Kelman-Lazarov Celebrates 35 Years

By Andy Meek


Marty Kelman and Ron Lazarov hit that milestone this year, jointly steering their wealth management and financial planning firm Kelman-Lazarov Inc. into a secure perch both in their field as well as on the 28th floor of Clark Tower in East Memphis.

Ron Lazarov and Marty Kelman

From the beginning, their skills beyond financial acumen have tended to complement each other and strengthen the whole. Kelman, for example, brings a master’s degree in counseling to the table, and Lazarov has always been particularly adept with technology. Both men in conversation also repeatedly stress the theme of client service, and it’s not surprising why.

In a field where one firm might present clients with the same offerings as another firm down the street, service can be the thing that tips the scale.

“We’ve got a simple value system,” Kelman said. “Understand the client as well as you can and do the very best thing you can for them, as if you were in their seat.”

Before getting to this point – with a staff of 13 and more than $300 million in assets under management – both men first met during a game while on a Memphis Park Commission softball field. Lazarov occupied the pitcher’s mound, and Kelman played shortstop for a team called the Hairy Wombats.

Between turns at bat, the two men struck up a conversation and started trading ideas and experiences.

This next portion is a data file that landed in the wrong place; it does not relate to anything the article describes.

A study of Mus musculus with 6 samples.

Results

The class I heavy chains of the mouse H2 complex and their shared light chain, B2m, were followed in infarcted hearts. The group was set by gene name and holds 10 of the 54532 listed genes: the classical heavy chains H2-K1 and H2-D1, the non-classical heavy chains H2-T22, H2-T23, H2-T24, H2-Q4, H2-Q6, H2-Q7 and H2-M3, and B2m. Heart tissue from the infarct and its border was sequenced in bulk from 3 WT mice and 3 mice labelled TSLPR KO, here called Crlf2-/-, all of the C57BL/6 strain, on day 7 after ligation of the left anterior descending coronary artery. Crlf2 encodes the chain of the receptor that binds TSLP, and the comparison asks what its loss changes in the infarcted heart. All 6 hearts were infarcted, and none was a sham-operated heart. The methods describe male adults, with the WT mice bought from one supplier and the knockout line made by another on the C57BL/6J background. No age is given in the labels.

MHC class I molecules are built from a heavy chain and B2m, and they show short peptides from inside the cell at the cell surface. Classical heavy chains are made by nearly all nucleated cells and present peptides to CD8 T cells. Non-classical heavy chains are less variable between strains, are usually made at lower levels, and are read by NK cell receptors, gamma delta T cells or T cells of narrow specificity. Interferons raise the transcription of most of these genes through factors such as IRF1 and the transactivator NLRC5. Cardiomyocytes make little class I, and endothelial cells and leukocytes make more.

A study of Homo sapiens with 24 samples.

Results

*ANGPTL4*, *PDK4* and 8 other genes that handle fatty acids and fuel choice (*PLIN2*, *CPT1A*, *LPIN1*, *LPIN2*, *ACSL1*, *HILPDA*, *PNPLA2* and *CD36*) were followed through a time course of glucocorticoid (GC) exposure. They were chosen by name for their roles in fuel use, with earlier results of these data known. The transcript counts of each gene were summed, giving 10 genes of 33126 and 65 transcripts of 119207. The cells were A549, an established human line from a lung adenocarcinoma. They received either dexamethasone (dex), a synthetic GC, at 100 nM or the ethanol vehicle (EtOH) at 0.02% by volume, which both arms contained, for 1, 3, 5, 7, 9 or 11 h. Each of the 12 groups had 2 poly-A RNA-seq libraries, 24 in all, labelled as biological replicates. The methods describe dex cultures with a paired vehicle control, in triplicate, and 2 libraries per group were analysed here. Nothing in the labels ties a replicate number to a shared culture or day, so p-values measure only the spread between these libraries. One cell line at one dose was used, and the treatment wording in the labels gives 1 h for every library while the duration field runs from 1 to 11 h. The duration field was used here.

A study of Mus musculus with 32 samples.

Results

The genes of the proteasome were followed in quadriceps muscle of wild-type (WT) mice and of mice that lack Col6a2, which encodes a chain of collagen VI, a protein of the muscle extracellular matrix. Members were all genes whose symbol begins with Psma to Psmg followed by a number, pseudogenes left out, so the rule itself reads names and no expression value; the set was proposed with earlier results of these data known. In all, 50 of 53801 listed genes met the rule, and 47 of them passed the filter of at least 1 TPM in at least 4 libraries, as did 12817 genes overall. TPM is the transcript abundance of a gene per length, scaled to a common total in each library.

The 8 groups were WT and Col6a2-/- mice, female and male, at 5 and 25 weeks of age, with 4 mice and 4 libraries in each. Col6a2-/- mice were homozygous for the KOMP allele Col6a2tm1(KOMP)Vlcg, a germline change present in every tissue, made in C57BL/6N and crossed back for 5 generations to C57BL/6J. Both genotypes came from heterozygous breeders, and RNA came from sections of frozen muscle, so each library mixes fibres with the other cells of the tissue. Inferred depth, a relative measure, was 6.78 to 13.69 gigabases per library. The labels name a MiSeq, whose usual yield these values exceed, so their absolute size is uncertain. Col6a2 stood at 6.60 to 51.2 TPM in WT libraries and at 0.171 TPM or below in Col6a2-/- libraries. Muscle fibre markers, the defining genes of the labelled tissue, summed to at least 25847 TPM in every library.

“I’d just finished up my MBA program at the University of Memphis,” Kelman said.

Lazarov asked him at the time what he thought he might do next, and Kelman rattled off ideas like financial analyst or company chief financial officer. Lazarov, meanwhile, pointed out that he needed a partner for his own venture at the time, and, as Kelman ends the story, “That’s how we got together.”

Naturally, the early years for the firm weren’t easy. The firm did business with family members, some close friends and then referrals – and, in Kelman’s words, “it was up and down for many years. It took many years of really almost trial and error without having any real mentors.”

The firm started off on the 28th floor, was there nearly 20 years, then shifted to the 31st floor before running to 28.

They kept at it. Lazarov remembers an Apple computer they used early on to churn out long-term projections for clients.

Once, they were in the office working late at night – until 2 or 3 a.m. – trying to finish some financial plans. It was only Kelman, Lazarov and Kelman’s dog – and the fire alarm went off.

They had to hike down the stairs all the way to the bottom of the tower, only to find out it was a false alarm. Needless to say, they were sore the next day.

“Oh, and we still had to walk back up to the office,” Kelman recalls, both men able to laugh about it now.

Lazarov has described the firm’s job as making sure their clients are able to sleep at night. As in, not to put their clients into a financial product that’s too far afield from their risk appetite.

“And then the service is what’s also so important,” Kelman said. “It means even things like taking calls when we can, calling people right back. It’s the Golden Rule. It sounds pretty simple, but it works.”